Re-theorising mobility and the formation of culture and language among the Corded Ware Culture in Europe

Kristian Kristiansen, Morten E. Allentoft, Karin M. Frei, Rune Iversen, Niels N. Johannsen, Guus Kroonen, Lukasz Pospieszny, T. Douglas Price, Simon Rasmussen, Karl-Goran Sjoegren, Martin Sikora, Eske Willerslev


    Recent genetic, isotopic and linguistic research has dramatically changed our understanding of how the Corded Ware Culture in Europe was formed. Here the authors explain it in terms of local adaptations and interactions between migrant Yamnaya people from the Pontic-Caspian steppe and indigenous North European Neolithic cultures. The original herding economy of the Yamnaya migrants gradually gave way to new practices of crop cultivation, which led to the adoption of new words for those crops. The result of this hybridisation process was the formation of a new material culture, the Corded Ware Culture, and of a new dialect, Proto-Germanic. Despite a degree of hostility between expanding Corded Ware groups and indigenous Neolithic groups, stable isotope data suggest that exogamy provided a mechanism facilitating their integration. This article should be read in conjunction with that by Heyd (2017, in this issue).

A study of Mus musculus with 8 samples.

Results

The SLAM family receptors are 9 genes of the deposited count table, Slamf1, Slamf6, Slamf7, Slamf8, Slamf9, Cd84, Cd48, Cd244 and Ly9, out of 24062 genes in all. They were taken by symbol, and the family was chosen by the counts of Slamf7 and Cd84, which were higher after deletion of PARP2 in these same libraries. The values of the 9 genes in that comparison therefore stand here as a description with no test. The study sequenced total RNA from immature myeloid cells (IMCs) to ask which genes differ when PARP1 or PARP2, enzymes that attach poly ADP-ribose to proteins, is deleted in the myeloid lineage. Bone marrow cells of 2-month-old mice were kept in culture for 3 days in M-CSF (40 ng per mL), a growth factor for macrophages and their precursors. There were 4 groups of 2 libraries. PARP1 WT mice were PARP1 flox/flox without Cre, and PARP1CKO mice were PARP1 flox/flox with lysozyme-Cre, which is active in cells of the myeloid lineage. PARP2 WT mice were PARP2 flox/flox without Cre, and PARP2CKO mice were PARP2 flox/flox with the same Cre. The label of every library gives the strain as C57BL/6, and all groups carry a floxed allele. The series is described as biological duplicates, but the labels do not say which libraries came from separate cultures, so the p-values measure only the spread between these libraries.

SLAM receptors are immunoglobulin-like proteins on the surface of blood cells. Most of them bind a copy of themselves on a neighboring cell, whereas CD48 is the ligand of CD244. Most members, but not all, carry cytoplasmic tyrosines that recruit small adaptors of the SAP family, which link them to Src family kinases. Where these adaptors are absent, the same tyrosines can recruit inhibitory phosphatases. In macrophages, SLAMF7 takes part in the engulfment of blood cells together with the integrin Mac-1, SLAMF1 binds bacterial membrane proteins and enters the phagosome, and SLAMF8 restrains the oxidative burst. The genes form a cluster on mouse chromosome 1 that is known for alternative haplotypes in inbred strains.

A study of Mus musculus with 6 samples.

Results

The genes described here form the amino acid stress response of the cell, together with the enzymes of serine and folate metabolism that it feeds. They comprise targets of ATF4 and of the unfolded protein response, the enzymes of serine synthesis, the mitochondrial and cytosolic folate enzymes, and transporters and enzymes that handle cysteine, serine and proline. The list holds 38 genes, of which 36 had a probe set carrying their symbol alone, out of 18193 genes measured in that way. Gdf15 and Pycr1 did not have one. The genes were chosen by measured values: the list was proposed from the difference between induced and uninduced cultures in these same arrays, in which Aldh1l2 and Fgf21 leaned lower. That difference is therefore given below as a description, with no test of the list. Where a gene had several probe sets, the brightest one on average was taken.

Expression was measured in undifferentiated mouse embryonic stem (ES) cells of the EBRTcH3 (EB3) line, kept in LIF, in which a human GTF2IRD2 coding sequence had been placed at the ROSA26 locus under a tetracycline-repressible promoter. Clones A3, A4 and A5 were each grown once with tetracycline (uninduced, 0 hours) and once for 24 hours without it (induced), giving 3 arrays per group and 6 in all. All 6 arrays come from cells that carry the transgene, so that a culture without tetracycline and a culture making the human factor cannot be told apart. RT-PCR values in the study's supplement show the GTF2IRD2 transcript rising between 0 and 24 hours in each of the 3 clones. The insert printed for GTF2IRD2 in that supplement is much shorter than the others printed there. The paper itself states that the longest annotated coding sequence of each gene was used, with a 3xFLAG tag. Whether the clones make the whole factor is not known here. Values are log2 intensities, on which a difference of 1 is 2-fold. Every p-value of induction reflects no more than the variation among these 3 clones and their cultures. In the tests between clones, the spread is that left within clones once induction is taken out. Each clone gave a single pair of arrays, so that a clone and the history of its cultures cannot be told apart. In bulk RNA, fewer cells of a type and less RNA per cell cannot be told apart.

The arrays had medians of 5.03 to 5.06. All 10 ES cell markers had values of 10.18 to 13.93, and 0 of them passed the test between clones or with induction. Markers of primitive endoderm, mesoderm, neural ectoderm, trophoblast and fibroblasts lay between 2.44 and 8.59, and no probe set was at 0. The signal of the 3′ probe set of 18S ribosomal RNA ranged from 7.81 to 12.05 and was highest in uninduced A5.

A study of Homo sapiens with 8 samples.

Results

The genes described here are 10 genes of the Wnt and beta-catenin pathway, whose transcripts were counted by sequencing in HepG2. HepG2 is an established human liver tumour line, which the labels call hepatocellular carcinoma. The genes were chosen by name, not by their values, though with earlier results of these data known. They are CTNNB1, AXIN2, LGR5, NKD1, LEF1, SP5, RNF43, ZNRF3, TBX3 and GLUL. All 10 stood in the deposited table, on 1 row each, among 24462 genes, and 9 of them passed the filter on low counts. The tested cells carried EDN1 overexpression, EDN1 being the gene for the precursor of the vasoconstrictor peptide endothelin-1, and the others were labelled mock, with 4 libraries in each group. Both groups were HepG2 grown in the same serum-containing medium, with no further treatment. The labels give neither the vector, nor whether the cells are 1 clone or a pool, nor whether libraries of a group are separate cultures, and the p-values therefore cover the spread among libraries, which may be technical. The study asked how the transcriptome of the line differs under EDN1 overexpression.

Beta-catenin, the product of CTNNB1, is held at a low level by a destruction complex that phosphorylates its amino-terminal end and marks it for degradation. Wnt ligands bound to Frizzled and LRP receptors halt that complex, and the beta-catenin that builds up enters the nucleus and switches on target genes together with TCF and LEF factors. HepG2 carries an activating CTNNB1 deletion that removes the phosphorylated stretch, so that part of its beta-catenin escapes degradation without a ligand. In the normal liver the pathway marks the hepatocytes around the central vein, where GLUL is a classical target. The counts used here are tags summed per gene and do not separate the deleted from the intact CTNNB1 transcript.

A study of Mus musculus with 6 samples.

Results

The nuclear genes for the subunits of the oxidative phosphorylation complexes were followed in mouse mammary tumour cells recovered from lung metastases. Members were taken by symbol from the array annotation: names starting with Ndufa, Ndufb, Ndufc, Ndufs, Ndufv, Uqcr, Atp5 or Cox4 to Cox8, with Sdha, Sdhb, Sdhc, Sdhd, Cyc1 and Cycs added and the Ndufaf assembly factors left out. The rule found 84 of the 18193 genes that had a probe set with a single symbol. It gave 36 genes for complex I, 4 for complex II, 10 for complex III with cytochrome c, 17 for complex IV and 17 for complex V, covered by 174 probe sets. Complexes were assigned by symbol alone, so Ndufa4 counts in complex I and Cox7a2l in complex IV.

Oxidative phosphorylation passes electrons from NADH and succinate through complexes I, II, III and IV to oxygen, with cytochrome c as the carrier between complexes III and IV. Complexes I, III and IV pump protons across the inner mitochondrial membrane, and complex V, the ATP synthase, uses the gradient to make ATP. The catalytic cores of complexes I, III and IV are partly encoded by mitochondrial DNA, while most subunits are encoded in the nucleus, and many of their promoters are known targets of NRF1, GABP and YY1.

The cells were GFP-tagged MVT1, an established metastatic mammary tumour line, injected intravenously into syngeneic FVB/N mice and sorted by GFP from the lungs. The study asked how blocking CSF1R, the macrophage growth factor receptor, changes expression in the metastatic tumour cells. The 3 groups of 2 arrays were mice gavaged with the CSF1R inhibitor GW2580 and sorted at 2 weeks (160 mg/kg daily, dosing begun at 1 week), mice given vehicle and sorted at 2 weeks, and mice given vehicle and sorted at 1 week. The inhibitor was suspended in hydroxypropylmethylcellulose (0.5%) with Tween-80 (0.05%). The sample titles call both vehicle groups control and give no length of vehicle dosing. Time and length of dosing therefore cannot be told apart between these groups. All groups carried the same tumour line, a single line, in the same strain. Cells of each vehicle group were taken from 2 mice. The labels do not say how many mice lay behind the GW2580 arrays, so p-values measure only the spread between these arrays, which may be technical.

Original languageEnglish
    JournalAntiquity
    Volume91
    Issue number356
    Pages (from-to)334-347
    ISSN0003-598X
    DOIs
    Publication statusPublished - 2017

    Bibliographical note

    This is an Open Access article, distributed under the terms of the Creative Commons Attribution licence (http://creativecommons.org/licenses/by/4.0/), which permits unrestricted re-use, distribution, and reproduction in any medium, provided the original work is properly cited.